Over the past ten years, I’ve had the opportunity to teach in a health policy course for medical students. And over the course of that decade, I’ve enjoyed working with dozens of future doctors as they study the rapid changes in our health care system, from the passage and implementation of the Affordable Care Act, to the proliferation of different Accountable Care Organization (ACO) models, to today’s wide-ranging proposals, from Medicaid block grants to single-payer models.

I’ve spent the month of January teaching, and I love being able to see the world of health policy through the eyes of my students, who bring thoughtfulness, compassion and idealism to our field.

Here are a few things I’ve learned…

1. It’s complicated.

I mean, really complicated. By the time you talk about premiums, deductibles, cost-sharing, co-insurance, tiering, value-based insurance design, reference pricing, in-network and out-of-network, everyone’s eyes have glazed over. And these are super-smart, super-motivated medical students who are receiving formal education on this stuff. Good luck to an average consumer, trying to figure this out on her own.

Which brings me to the next point…

2. Nobody really knows what an ACO is.

In our class, we talk about ACOs. A lot. We define them in the usual way…“groups of doctors, hospitals and other health care providers who come together voluntarily to give coordinated high quality care.”

But that “simple” definition quickly unravels as you poke at it. A health system might be an ACO for the purposes of one payer, but accept fee-for-service payments for another. And explaining global budgets, one-sided versus two-sided risk, leakage, true-ups and incentives and withholds starts to feel like trying to explain an iPad to my grandmother: saying that it’s “a touchscreen tablet computer that communicates using cellular or wireless data” gets me absolutely nowhere. But if I can show her how she can use it to video chat with her great-grandkids or look at photos, then it’s got a chance.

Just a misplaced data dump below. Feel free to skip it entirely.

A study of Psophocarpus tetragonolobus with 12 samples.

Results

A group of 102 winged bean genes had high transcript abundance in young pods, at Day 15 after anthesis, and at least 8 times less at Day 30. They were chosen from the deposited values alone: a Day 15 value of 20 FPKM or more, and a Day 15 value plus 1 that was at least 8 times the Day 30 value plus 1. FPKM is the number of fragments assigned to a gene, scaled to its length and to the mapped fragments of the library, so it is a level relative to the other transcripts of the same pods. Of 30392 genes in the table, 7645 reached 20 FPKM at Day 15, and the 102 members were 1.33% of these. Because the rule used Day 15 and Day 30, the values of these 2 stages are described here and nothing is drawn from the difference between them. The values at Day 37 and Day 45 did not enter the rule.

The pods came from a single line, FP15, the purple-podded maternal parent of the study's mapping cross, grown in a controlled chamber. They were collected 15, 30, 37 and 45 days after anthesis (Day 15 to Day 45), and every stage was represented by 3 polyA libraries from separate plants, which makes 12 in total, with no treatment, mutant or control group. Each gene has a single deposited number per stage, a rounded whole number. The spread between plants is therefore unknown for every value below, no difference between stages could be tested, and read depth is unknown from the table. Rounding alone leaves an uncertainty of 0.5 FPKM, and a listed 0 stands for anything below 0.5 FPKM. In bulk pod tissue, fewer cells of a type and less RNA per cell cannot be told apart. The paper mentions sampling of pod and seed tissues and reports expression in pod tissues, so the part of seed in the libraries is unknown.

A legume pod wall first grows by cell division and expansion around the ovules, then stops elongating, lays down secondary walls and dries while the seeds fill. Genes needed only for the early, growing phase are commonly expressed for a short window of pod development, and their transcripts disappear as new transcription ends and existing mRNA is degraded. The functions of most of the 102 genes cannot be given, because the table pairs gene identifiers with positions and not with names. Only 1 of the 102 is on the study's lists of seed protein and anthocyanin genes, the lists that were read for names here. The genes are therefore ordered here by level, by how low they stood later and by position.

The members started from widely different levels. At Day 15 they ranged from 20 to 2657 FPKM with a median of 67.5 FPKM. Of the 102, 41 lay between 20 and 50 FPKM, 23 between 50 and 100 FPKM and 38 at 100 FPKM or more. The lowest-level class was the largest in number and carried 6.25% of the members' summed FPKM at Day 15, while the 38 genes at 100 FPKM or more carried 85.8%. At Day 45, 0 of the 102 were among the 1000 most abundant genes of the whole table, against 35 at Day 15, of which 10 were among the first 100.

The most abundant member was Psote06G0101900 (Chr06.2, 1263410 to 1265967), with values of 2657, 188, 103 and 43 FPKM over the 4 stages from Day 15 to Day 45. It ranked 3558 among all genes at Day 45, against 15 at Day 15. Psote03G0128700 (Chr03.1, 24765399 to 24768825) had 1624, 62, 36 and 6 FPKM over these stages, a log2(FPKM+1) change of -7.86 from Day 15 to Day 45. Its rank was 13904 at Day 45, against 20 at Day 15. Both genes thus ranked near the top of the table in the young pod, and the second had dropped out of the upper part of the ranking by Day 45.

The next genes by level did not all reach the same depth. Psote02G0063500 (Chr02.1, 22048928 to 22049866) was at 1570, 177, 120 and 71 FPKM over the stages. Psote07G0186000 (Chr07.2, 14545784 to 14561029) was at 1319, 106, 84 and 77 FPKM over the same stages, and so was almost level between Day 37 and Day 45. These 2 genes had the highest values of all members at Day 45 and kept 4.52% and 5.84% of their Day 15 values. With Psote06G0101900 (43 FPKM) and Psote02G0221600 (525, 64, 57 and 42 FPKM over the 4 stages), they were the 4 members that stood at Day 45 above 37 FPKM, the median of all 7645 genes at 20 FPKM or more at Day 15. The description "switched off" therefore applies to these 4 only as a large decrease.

It makes me realize that as a health care solution, ACOs (and many other innovative models of care) are a tough sell because no one can really explain what they are. Until people feel a tangible connection to them and see concrete benefits, we’ve got our work cut out for us.

As for the patient…

3. The patient is an afterthought in the health care system.

Students are great at asking that simple and powerful question: “why?” Why is our system so hard to navigate? Why is care so expensive? Why are some things covered and other things not? Our explanations, invoking payment arrangements, market power and financial incentives, don’t at all speak to the values and sense of purpose that brought my students to medicine in the first place. They’d always assumed that health care was, first and foremost, about caring for people. They learn – as they learn about how our existing health care system operates – that that’s not always the case.

Which leads me to the final point…

4. This is no time to be sitting on the sidelines.

Over the past ten years, there has been tremendous change in the health care system. We’ve seen our country make a big leap toward ensuring that people who are sick can get coverage and care, and then start to back away from that promise in the past year.

I’ve seen students change from viewing health policy as something they are only marginally interested in (the “easy” class when they would really rather be studying neuroanatomy) to seeing that they need to understand what is happening and be engaged. As the doctors of tomorrow, they are thinking hard about what the future will be like for them as practitioners, and for the well-being of their patients. I admire their compassion and commitment. And I see hope for a new generation – of health professionals, community leaders, advocates and consumers – that can continue the push toward a truly person-centered health care system.